Arizona teachers’ jobs are at the mercy of political consensus

More than 190 state superintendents plead for a special session to lift the state's arbitrary spending cap, which is close to eliminating more than $1.3 billion in approved funding.

A constitutionally mandated school spending limit that’s more than 40 years old is putting Arizona’s K-12 schools at risk of losing more than $1.3 billion in approved funding.

The spending cap, known as the Aggregate Expenditure Limit (AEL), tells AZ schools how much they’re allowed to spend each year, and Democrats are pleading for Republican Gov. Doug Ducey to lift that cap for a second time this year.

“They are already very worried about this issue, and they are worried about whether or not they can spend the money that has been allocated to them by the legislature,” said Superintendent of Public Instruction Kathy Hoffman at a press conference.

However, an override on the spending cap rests in the balance of political consensus between Democrats and Republicans. If the votes are there, according to Ducey’s spokesman C.J. Karamargin, state legislation would consider calling a special session ahead of the legislature’s scheduled return to work in January 2023.

For Arizona’s teachers, it’s a much more serious situation. Hoffman points out that schools will be forced to begin layoffs and implement larger classroom sizes. Students are already struggling to recover from the pandemic, according to a report from the Helios Education Foundation, the Arizona State Board of Education and the Arizona Department of Education. Most notably, the report reveals an 11% drop in math proficiency across all grade levels.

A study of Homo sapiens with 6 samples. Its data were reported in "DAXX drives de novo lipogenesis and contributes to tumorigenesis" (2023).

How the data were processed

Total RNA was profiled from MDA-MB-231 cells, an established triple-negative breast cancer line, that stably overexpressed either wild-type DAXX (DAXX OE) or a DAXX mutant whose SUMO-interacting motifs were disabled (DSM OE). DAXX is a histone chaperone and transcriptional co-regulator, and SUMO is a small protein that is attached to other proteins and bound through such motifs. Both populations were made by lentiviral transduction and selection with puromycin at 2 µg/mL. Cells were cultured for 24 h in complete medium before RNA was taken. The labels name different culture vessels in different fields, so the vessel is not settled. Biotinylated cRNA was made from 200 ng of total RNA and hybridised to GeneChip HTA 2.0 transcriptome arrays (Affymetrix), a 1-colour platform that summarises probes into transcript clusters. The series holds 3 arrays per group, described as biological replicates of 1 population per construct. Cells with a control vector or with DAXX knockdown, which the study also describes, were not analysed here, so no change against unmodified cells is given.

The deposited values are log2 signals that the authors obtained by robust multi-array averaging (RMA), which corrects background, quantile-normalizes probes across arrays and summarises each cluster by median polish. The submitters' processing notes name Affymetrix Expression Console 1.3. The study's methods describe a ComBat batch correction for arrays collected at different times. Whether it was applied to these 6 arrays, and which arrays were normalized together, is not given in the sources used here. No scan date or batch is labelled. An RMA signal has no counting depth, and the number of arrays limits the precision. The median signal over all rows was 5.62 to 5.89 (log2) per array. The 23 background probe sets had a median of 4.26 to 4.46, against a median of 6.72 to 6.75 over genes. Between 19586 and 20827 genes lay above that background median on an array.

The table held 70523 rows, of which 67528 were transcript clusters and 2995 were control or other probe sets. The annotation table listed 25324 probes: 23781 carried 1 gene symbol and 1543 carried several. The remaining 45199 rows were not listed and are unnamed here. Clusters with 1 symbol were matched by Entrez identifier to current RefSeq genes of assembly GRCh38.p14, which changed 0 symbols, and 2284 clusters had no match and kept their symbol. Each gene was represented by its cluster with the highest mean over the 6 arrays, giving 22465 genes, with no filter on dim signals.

Additionally, data from the Economic Policy Institute shows that teachers are significantly underpaid, with Arizona teachers experiencing a 32% wage penalty in 2021 compared to workers with a college degree in other fields. That makes it the fourth-largest teacher pay gap in the country.

Teachers and other school staff don’t need anything else on their plate, notes Hoffman. “In a school year where safety and the mental health resources are more important than ever, positions like school counselors, behavior coaches, nurses and other critical school safety positions are also at risk,” she said.


  • “Across the state, many certified teachers received significant pay raises. This has resulted in many districts starting and average salaries becoming competitive.”
  • “In anticipation of the minimum wage increase, many school districts will use these funds to increase staff pay at minimum to comply with the legally required increase.”
  • “Dedicated funding for the completion of capital projects that will address district infrastructure, including broadband.”
  • “Continued work to increase school safety through capital projects and additional SROs.”

“The current estimated impact to the school districts if an AEL fix is not enacted would be a budgetary cut in excess of $1.3 billion,” the letter reads. “As some of the largest employers in our respective communities these cuts would devastate our local economies and the families in our communities, not to mention the aggregate effect on the state economy.”

According to state law, a two-thirds majority in both the Senate and the House will override the cap for one year. This has been done on only three separate occasions: Once in 2002, in 2008 and in February of this year. February’s vote lifted the cap for the 2022 fiscal year, which ended in June.

Micah Ward
Micah Ward
Micah Ward is a District Administration staff writer. He recently earned his master’s degree in Journalism at the University of Alabama. He spent his time during graduate school working on his master’s thesis. He’s also a self-taught guitarist who loves playing folk-style music.